Chancellor arrived at the team facility on Wednesday morning. It was his first appearance since June's minicamp and ended a holdout that lasted nearly eight weeks.
"I've always been a guy who follows my heart, and just watching my teammates and my team play week to week, first, second game, watching those losses, it hurt me being the leader that I am," Chancellor said after watching the Seahawks open the season with losses to St. Louis and Green Bay.
"It was very hard because, not taking away from anybody else, but I knew I could make a difference."
Chancellor, who had been holding out in hopes of getting his contract restructured, told ESPN's Stephen A. Smith that he intends to revisit his contract situation after the season.
In a text message to Smith, Chancellor said: "Ima go help my teammates that are understanding of my position and the ones who aren't. God forgives all, why can't i? Time to help us get back to the big dance. I can address business after the season. Me and Marshawn started a mission 2 years ago. I can't let my Dawg down....Real talk."
Asked if he'd received any assurances that the organization would revisit his contract status after the season, Chancellor said: "That's something we'll discuss."
A three-time Pro Bowler, Chancellor signed a four-year, $28 million extension after the 2012 season, but the deal didn't take effect until 2013. The Seahawks refused to budge on restructuring a contract that had three years remaining, asserting that it would lead to a stream of players seeking new deals in the early stages of their contracts.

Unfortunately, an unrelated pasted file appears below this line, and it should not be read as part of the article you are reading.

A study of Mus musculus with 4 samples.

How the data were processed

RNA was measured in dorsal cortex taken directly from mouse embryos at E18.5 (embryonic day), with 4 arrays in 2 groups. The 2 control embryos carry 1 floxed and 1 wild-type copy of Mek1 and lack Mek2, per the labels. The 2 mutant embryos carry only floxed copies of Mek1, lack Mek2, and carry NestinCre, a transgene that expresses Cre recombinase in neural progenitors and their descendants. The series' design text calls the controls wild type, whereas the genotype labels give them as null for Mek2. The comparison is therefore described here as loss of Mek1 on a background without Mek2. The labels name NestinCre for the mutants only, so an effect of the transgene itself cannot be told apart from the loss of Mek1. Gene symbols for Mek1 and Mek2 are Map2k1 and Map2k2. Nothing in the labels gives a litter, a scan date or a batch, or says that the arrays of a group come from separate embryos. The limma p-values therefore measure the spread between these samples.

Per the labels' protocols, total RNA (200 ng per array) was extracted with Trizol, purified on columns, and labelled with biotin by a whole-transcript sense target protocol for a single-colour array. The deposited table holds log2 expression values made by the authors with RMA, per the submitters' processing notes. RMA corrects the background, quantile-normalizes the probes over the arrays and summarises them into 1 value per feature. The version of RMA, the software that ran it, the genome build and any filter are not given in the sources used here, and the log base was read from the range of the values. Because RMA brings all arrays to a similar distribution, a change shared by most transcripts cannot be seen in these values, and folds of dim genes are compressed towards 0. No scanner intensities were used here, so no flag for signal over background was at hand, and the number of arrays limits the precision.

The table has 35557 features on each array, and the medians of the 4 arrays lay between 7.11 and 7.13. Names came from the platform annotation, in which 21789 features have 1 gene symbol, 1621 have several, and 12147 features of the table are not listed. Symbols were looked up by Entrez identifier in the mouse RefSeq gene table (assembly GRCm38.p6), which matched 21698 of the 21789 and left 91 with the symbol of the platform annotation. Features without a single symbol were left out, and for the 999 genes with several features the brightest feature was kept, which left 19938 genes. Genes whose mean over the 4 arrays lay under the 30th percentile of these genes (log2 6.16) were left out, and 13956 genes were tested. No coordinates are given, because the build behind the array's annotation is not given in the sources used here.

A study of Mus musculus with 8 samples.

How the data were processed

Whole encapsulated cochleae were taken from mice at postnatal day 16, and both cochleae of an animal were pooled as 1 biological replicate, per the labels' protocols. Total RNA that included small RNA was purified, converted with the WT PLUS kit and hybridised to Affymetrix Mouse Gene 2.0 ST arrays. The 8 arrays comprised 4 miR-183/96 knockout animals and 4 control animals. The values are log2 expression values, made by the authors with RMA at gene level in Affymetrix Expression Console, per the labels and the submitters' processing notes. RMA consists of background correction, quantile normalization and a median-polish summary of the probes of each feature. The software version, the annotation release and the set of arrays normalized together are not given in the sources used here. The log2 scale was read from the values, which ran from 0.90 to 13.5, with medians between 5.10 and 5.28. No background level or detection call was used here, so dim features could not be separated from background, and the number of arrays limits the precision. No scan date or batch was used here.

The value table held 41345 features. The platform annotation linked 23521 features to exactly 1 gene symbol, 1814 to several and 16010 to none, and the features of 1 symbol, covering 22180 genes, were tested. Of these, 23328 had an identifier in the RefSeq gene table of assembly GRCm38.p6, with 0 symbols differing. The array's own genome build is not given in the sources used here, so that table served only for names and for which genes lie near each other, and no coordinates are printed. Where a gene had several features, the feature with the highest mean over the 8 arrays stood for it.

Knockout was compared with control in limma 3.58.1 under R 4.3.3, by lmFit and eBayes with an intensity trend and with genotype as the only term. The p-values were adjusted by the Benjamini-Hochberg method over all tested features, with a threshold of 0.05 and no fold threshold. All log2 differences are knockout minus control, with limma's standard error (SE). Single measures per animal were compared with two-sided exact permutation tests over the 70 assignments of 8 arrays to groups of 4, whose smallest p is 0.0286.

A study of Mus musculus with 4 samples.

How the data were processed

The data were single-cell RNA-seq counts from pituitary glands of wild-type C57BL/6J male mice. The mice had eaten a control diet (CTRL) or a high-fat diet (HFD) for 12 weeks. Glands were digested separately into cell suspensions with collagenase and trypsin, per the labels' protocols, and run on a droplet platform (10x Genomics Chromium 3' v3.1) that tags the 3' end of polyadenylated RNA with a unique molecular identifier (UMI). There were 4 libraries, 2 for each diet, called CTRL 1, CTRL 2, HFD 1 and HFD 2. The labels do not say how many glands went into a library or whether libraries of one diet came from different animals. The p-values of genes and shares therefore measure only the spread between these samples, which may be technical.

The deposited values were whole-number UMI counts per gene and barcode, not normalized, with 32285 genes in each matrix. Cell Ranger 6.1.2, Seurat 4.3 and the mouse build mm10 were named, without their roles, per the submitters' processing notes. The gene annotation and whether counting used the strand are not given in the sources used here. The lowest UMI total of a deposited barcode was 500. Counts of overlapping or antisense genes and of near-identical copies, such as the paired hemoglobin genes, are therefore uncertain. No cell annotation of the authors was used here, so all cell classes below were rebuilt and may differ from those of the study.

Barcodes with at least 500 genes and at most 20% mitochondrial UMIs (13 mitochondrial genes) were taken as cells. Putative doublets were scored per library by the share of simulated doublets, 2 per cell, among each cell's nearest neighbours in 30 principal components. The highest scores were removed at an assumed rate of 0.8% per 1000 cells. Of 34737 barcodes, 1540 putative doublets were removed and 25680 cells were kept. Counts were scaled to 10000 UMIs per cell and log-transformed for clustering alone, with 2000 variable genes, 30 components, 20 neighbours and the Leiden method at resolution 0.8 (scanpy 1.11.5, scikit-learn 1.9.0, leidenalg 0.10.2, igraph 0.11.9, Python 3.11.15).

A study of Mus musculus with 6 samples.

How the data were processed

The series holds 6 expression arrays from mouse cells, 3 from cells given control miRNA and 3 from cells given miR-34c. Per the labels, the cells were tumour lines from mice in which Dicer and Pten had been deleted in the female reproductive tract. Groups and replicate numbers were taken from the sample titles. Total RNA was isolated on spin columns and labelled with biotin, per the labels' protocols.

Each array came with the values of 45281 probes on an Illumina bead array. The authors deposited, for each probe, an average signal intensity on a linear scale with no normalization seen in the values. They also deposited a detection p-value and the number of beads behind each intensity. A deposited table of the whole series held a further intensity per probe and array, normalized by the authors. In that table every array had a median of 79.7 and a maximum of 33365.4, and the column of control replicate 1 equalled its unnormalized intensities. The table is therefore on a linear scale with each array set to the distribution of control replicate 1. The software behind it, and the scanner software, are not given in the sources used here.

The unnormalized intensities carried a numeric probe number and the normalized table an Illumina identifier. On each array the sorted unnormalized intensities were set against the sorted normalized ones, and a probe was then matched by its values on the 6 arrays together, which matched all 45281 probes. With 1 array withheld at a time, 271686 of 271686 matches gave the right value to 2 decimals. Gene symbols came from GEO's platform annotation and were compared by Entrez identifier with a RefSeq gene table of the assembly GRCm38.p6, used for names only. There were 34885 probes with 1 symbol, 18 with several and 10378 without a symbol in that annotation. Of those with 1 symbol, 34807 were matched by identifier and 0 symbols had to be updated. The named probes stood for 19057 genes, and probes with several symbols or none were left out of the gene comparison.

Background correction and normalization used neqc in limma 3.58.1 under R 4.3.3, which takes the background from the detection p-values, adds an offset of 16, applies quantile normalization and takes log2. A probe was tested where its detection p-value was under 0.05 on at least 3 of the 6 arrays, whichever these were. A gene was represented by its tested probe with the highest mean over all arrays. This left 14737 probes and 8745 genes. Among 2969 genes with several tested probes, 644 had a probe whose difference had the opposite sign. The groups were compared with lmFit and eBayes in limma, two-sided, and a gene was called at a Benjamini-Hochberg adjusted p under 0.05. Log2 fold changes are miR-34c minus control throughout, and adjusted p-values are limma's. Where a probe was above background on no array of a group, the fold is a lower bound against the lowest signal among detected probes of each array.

Chancellor admitted he received negative feedback from Seahawks fans who didn't grasp what he was trying to accomplish by holding out.
"People are going to make opinions when they don't know your situation, when they don't know exactly what is going on," he said. "So I forgive those who understand what is going on and those who don't understand what is going on."
One of the league's top safeties and a leader of the "Legion of Boom" secondary, Chancellor is scheduled to make $5.1 million in base salary in 2016 and $6.8 million in 2017.
Chancellor showed up in playing shape, weighing 226 pounds with 6 percent body fat. The Seahawks are preparing as if he'll suit up Sunday in the team's home opener against the Chicago Bears.
While Seahawks coach Pete Carroll declined to offer specifics, he spoke optimistically when asked about Chancellor's role going forward.
"Kam's going to be with us for a long time," Carroll said. "We hope he will always be a Seahawk, and that's all we've ever thought of it, and nothing's ever changed in that. Really, nothing has ever changed in his thought of that either. We are very much in concert about that, and we look forward to a really long relationship."
In missing Seattle's first two games, Chancellor forfeited two game checks of $267,647. It is unclear whether the organization will waive his fines for skipping training camp.
The Seahawks, the reigning two-time NFC champions, have given up 11 pass plays of 20-plus yards, second-most in the NFL. Dion Bailey started the first game at strong safety before being replaced by DeShawn Shead in Week 2.
ESPN NFL Insider Adam Schefter and The Associated Press contributed to this report.